Interview: Sandra Lee, author of The Recipe Box

Jul 17, 2013

Sandra Lee is an award-winning expert in all things kitchen and home, and the Editor-in-Chief of the new magazine Sandra Lee. In her first work of fiction, THE RECIPE BOX, we are introduced to Grace D'Angelo, who realizes she must take immediate steps to repair her life and her most precious relationships following the death of her best friend. Sandra talks to's Bronwyn Miller about her transition from cookbooks to novels, and how she learned to believe in her story and not use recipes as a crutch in the process. Rest assured, it wouldn't be a Sandra Lee book without mouth-watering recipes, and plenty made the cut! Sandra also opens up about the transformative power of first love, the importance of seizing the day, and why she believes the metaphor of the "recipe box" is central to every woman's life.

Author Talk: Patrick W. Carr, author of The Hero's Lot: The Staff and the Sword, Book 2

Jul 17, 2013

Patrick W. Carr, author of the acclaimed fantasy A CAST OF STONES, returns with THE HERO'S LOT, the second installment in The Staff and the Sword series. Picking up where the first book left off, forces bent on the destruction of the kingdom conspire against Errol Stone, who is falsely accused of terrible crimes and sentenced to undertake a perilous quest. In this interview, Carr talks about choosing clever --- and pithy --- titles, how even authors are sometimes surprised by the way events unfold in their own books, the ongoing romance between Errol and Adora, and why writing the second book in a series is sometimes harder than producing the first.

Interview: Ben Coes, author of Eye for an Eye: A Dewey Andreas Novel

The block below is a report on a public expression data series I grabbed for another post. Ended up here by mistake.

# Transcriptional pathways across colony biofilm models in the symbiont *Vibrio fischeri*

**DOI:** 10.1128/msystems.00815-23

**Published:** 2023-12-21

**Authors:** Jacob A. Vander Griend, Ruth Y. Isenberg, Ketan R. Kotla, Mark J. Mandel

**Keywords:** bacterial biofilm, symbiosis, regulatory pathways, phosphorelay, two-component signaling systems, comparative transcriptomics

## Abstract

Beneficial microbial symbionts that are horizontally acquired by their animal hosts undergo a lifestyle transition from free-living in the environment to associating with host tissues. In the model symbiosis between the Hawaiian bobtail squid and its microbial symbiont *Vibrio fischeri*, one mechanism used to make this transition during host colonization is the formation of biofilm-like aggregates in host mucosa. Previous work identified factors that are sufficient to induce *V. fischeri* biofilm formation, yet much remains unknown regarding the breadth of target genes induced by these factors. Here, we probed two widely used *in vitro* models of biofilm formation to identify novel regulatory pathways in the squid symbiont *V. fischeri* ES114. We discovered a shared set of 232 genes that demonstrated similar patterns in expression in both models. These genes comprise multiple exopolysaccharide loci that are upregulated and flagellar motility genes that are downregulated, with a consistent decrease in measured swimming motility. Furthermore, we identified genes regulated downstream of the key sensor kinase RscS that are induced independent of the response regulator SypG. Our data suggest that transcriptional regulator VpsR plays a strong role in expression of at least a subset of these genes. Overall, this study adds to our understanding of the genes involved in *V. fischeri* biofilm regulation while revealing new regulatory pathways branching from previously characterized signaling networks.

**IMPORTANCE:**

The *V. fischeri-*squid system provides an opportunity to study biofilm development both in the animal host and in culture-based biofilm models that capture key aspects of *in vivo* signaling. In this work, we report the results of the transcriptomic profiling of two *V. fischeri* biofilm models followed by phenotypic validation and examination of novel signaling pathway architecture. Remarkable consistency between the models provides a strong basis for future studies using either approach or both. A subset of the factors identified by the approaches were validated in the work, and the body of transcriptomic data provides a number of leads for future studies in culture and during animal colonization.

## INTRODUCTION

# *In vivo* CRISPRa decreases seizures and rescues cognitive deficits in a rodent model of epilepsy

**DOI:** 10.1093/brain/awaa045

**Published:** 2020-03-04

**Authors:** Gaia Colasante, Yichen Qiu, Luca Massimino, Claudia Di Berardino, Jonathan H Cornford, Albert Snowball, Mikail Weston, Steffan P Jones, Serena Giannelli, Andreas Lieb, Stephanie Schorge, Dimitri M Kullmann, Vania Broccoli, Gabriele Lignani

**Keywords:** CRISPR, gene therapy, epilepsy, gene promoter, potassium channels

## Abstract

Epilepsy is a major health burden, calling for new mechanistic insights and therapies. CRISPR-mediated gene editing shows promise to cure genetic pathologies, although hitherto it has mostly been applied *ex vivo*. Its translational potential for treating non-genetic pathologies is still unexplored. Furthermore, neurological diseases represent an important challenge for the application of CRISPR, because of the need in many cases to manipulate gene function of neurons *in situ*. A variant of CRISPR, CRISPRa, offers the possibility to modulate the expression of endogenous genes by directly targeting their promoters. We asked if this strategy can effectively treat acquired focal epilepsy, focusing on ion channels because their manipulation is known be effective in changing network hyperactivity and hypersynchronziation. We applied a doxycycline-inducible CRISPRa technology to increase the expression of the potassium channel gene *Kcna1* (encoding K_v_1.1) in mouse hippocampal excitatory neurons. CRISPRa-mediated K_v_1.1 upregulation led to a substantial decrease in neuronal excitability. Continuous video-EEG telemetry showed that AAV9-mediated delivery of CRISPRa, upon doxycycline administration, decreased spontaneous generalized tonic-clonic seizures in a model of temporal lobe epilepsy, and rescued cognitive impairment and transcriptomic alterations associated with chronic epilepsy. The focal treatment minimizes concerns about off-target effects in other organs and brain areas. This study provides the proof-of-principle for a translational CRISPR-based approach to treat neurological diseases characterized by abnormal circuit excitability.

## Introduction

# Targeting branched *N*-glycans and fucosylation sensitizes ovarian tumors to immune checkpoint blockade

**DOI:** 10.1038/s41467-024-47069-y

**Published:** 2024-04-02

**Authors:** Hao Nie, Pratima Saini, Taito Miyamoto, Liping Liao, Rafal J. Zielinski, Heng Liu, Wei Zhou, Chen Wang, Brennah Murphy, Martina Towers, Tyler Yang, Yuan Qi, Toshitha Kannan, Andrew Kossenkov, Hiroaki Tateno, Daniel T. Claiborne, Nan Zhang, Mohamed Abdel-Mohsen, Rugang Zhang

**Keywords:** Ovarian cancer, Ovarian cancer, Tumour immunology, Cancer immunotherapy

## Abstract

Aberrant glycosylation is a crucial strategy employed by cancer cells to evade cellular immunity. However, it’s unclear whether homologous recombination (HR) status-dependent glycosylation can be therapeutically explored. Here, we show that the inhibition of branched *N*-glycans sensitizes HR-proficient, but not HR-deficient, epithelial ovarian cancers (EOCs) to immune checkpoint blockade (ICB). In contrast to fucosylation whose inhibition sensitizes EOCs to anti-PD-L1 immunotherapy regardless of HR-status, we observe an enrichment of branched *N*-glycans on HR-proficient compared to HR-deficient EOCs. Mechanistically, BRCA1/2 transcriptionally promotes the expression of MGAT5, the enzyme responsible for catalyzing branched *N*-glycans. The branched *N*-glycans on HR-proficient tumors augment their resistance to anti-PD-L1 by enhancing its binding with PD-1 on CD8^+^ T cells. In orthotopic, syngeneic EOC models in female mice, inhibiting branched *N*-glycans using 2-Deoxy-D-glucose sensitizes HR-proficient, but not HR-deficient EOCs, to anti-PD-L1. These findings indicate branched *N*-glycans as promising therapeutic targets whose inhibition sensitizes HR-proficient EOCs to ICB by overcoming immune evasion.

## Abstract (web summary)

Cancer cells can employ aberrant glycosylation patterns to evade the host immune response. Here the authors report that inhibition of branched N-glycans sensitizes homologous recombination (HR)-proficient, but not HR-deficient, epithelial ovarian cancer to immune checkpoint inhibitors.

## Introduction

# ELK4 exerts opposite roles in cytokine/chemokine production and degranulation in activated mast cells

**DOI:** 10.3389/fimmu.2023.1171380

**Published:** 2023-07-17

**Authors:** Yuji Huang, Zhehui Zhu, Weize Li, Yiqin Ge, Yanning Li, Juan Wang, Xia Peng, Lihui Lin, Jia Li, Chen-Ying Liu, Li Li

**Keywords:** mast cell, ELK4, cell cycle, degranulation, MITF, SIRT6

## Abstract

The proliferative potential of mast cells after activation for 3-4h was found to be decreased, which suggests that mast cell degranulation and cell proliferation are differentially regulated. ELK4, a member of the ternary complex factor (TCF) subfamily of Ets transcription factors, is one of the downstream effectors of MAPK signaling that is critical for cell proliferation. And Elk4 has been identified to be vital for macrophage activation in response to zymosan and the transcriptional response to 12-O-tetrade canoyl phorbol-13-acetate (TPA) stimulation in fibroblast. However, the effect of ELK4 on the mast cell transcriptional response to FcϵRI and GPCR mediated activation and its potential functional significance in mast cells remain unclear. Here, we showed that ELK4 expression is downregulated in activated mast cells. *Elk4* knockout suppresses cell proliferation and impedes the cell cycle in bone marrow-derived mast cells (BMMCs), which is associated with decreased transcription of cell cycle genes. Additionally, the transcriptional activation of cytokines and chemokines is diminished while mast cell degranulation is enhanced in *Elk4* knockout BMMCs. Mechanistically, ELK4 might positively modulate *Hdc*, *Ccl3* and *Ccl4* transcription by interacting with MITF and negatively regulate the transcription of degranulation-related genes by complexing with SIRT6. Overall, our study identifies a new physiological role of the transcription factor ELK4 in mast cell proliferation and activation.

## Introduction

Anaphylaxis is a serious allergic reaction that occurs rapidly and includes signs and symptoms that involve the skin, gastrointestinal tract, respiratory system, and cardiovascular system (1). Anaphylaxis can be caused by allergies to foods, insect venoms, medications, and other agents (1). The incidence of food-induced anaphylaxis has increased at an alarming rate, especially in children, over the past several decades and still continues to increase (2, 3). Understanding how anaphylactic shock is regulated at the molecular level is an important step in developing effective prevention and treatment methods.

Jul 11, 2013

Critically acclaimed author Ben Coes returns with his latest Dewey Andreas novel, EYE FOR AN EYE. When Dewey uncovers the identity of a mole embedded at a high level in Israel’s Mossad, it triggers a larger, more dangerous plot.’s Joe Hartlaub talks to Coes about the inextricable relationship between political fiction and real-life politics. A former White House speechwriter, Coes has a wealth of insider knowledge, and shares his anxiety about the future of international relations --- especially considering the superstate into which China is developing itself. He also talks about the recent Snowden scandal, and what it means as far as the government's ability to become Big Brother in the future. But while the political frontier may seem grim, Coes's enthusiasm for writing fiction is boundless, and he reveals how he makes his characters and stories come to life.

Interview: Elizabeth Adler, author of Please Don't Tell

Jul 11, 2013

Elizabeth Adler, the internationally bestselling author of over 25 novels, returns with her newest thriller, PLEASE DON’T TELL. When a blood-soaked stranger shows up on her doorstep one stormy night, Fen Dexter’s quiet life is not only interrupted, but potentially put in grave danger. In this interview with’s Amy Gwiazdowski, Adler talks about how important the settings of her novels are --- and how traveling is her favorite kind of research! She also tells Amy why “likable” characters make the best protagonists, which of the delicious recipes from her books are pulled from real life, the perfect number of dinner party guests, and all the books in her to-read pile.

Interview: Jessica Brockmole, author of Letters from Skye

Jul 11, 2013

A sweeping story told in letters, spanning two continents and two world wars, Jessica Brockmole’s atmospheric debut novel, LETTERS FROM SKYE, captures the indelible ways that people fall in love, and celebrates the power of the written word to stir the heart. The author herself spent several years living in Scotland, so she's no stranger to the joys and pitfalls of epistolary communication. In this interview with's Norah Piehl, Brockmole talks about the setting that inspired the story --- and all the tricks she used to do its visceral beauty justice. She also reveals that, initially at least, the novel was an exercise in "voice," and how Elspeth, David and Margaret's voices took on lives of their own, as well as how the story might be different (or not!) if the characters had email access.